1. Earth to Sojourner. We've been terminating the thrust of solids on command since before I was born. It's critical for precisely targeted ballistic missiles. It's also trivially simple.
2. Range safeties require the ability to be built in to any really large solid.
1. Not any more. They use a trajectory optimization maneuvers to use up all the impulse of the motor so that thrust termination systems would not be needed because they were not trivially simple. Or They use liquid in the final stage.
2. It is thrust termination by destruction. They split the whole casing lengthwise.
You don't know what all the impulse of the motor is until it's too late to do anything about the error, because once you've found out how big the error is, the motor has quit burning. It's a catch-22. The IUS on the Shuttle does use trajectory optimization, with each flight planned with months of simulations to make sure a satellites own RCS fuel won't be overly consumed to correct a residual error due to the inexact final impulse (which is accurate to about 0.5%)
The Polaris, Minuteman, and other missiles have ports on the forward dome that operate explosively within about 2 milliseconds, providing a net negative thrust for re-entry vehicle seperation, while not directly impinging on the subsequent stage. Lockheed, UTC, and Aerojet were involved in the design, as I recall, and the knowledge that you could precisely terminate a solid's thrust like that was a high-classified secret for a long time, eventually leaking out because we used the same boosters for space flight. The Russians adopted the same system, and our ABM systems have to distinguish between the re-entry vehicle, staging parts (bolts, washers), and warm pieces of fuel blown through the forward thurst termination ports that tend to travel along near the RV, giving off their own infrared signatures.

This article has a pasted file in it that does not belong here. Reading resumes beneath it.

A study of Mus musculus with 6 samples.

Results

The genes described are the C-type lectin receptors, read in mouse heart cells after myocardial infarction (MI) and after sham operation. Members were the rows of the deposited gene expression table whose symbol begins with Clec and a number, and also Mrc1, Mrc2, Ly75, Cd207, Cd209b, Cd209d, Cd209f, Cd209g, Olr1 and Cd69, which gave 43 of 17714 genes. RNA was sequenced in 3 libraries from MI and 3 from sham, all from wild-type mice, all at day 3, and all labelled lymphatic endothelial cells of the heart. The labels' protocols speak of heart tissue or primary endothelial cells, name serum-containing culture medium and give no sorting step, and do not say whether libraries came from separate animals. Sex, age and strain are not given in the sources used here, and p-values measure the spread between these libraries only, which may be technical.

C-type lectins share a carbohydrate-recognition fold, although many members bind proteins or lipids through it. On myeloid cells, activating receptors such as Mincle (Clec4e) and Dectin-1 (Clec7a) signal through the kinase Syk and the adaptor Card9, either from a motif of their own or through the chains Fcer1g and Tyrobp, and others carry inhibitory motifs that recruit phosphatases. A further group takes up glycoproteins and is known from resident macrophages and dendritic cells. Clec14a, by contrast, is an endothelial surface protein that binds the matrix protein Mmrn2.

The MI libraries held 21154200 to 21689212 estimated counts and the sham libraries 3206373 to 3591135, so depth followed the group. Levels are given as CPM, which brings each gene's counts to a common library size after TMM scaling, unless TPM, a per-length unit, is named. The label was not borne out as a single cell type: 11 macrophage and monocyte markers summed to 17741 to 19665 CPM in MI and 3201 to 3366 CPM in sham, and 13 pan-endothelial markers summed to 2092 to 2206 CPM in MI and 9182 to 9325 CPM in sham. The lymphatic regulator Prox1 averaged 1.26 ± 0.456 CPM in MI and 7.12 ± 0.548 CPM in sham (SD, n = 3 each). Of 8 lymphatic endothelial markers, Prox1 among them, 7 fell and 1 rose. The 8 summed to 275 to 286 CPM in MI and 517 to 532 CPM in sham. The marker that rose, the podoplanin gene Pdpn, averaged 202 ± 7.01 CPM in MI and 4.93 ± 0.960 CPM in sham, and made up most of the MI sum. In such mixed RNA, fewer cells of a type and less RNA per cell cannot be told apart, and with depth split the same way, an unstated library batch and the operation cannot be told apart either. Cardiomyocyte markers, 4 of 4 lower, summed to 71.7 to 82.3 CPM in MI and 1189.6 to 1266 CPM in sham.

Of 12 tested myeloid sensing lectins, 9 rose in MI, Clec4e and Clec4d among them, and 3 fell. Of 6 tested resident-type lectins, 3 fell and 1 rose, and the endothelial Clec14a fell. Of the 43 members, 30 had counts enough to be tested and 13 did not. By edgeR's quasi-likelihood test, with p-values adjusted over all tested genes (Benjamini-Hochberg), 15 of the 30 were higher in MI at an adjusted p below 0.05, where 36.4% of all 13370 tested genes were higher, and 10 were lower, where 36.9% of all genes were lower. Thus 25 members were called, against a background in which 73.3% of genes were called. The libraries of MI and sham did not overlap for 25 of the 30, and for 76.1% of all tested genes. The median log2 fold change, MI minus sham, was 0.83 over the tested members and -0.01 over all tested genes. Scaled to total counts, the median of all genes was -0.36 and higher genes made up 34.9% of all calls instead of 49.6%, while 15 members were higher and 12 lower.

The Shuttle SRB's thrust termination system comes from the Minuteman research, and sounds very similar, consisting of six shaped charges in the upper dome of the casing. The systems on both engines are tied together, so if the system on one engine is fired the system on the other engine is also fired automatically.